GIF: IIHS (YouTube)

Look, sure. You need a vehicle with more space. You like to ride higher off the ground, too, because you can see more of the road from there. An SUV is an obvious choice. But if you care about the person in your passenger seat, maybe the 2018 Ford Escape and Mitsubishi Outlander Sport aren’t the way to go.

In recent tests by the Insurance Institute for Highway Safety, or what most of us know it better as, IIHS, the Escape and Outlander Sport did not impress anyone with their overlap crash protection on the passenger side. IIHS did its small overlap front test on the two SUVs, which it introduced last year to try to get automakers to give front passengers the same level of protection as drivers, and let’s just say most of us wouldn’t have wanted to be those crash-test dummies.


Jalopnik has reached out to both Ford and Mitsubishi for comment on the SUVs’ crash tests. Here’s the video IIHS took during testing:

While it’s evident from the video that the Escape and Outlander Sport weren’t best in class for the passenger overlap test, IIHS explained their ratings in an announcement on this new batch. IIHS said both SUVs has too much intrusion into the passenger compartment, and that neither of their side curtain airbags deployed in the crash. Those help keep people from slamming their heads into the side of the car and should have deployed, according to IIHS.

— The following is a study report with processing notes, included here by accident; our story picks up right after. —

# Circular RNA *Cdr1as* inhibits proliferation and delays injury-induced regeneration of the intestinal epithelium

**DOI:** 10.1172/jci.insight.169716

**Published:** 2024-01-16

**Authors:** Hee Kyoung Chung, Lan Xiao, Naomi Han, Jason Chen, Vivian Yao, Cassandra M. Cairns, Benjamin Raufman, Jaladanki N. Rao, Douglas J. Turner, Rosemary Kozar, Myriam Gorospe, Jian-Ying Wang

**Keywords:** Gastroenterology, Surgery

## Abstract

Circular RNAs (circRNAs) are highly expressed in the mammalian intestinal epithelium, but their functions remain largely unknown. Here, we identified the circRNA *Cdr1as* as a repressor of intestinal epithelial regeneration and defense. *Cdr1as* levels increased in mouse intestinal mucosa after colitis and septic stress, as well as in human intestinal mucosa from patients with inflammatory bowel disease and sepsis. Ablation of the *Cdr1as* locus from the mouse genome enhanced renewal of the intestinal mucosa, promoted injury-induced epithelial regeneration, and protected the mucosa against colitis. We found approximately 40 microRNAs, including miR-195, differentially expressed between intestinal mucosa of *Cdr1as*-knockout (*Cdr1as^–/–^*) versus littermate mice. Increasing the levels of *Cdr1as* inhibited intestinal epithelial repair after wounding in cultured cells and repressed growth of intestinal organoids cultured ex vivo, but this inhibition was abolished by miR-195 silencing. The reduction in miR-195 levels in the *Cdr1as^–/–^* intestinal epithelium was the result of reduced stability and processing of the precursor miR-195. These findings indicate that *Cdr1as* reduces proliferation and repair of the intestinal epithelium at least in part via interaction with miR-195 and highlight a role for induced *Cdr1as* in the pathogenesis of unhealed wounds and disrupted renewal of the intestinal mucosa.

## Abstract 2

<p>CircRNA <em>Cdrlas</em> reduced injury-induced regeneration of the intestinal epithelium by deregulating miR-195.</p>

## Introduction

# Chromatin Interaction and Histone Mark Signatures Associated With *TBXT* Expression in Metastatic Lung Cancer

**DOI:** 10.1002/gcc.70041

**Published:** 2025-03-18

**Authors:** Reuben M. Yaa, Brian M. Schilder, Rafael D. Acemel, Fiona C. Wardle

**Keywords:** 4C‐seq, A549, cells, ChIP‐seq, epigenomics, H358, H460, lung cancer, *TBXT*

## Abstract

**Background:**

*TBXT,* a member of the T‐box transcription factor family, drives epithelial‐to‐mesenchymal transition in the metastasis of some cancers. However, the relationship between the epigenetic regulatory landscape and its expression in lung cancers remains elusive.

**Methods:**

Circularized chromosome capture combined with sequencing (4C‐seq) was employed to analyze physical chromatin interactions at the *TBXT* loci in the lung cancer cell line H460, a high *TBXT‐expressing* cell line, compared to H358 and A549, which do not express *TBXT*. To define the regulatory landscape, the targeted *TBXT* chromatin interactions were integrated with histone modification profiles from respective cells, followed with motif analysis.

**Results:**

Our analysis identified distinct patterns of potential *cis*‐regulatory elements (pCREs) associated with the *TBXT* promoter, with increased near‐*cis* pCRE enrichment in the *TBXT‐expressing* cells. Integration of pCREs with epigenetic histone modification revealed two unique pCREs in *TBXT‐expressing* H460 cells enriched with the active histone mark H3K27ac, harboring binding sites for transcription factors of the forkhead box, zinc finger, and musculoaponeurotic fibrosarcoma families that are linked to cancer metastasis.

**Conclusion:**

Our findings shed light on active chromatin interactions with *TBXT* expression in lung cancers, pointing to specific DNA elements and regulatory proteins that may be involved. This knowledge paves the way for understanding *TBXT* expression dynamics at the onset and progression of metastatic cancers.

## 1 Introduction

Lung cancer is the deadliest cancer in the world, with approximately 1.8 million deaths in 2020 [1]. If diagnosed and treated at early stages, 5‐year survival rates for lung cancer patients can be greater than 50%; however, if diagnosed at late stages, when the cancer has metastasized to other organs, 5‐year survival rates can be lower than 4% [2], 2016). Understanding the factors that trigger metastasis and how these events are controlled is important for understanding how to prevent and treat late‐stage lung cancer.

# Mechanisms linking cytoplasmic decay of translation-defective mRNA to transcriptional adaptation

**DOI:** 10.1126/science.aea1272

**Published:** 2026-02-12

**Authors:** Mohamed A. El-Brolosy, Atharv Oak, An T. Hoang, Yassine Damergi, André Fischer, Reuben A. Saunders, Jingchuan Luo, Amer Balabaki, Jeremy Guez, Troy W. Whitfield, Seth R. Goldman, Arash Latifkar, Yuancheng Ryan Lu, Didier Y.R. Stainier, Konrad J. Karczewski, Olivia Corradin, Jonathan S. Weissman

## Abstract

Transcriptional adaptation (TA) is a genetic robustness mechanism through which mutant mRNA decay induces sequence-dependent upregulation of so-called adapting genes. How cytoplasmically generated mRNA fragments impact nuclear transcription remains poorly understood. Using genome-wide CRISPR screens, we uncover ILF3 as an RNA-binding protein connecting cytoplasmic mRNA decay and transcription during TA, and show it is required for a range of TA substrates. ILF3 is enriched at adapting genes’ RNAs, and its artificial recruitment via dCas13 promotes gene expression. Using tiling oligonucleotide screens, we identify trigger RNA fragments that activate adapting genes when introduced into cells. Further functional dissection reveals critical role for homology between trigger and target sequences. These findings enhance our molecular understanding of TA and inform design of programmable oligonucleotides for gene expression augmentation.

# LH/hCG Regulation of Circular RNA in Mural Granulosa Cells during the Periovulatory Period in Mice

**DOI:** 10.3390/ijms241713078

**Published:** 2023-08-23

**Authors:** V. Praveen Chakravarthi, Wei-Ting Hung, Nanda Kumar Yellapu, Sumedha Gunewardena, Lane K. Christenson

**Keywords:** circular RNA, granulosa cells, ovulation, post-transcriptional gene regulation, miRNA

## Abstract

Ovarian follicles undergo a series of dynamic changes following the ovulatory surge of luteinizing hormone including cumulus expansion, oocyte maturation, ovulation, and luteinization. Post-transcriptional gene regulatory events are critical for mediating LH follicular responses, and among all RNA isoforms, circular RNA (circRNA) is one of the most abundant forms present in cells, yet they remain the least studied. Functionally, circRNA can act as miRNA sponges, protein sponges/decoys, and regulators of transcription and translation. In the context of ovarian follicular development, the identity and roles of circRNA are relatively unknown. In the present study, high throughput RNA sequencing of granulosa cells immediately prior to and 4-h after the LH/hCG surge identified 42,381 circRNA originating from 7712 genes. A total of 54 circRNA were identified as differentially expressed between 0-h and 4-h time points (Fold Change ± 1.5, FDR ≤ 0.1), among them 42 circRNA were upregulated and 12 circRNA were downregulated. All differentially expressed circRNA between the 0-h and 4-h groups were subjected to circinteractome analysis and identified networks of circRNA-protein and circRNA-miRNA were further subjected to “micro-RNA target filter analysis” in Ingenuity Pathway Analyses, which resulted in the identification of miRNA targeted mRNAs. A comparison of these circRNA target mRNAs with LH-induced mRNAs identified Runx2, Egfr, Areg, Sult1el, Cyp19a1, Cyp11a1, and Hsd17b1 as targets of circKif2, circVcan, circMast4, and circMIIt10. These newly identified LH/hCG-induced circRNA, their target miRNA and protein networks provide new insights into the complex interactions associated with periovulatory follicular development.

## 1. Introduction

GIF: IIHS (YouTube)

After seeing the crash aftermath, IIHS said the passenger in the Escape likely would’ve gotten a right-hip injury in it.


Update 12:02 p.m. Ford sent Jalopnik a statement on the test, saying safety “continues to be one of the highest priorities in the design of [its] vehicles.”

“We are committed to designing and building vehicles that meet or exceed applicable laws and regulations across the globe, incorporating updates and new features into our lineup wherever possible,” the statement said. “The Escape has earned the highest 5-star overall NCAP ratings in the U.S., Europe, China and Australia and a “good” rating in all other IIHS crash test modes. We expect the new 2020 model also will perform well on this test.”


“Side airbags and Safety Canopy airbags may activate in other types of crashes if the vehicle experiences sufficient sideways motion or deformation,” the statement said. “The fact that the Safety Canopy did not activate in this crash test does not mean that something is wrong with the system. Rather, it means the accident conditions were not appropriate to activate this safety device.”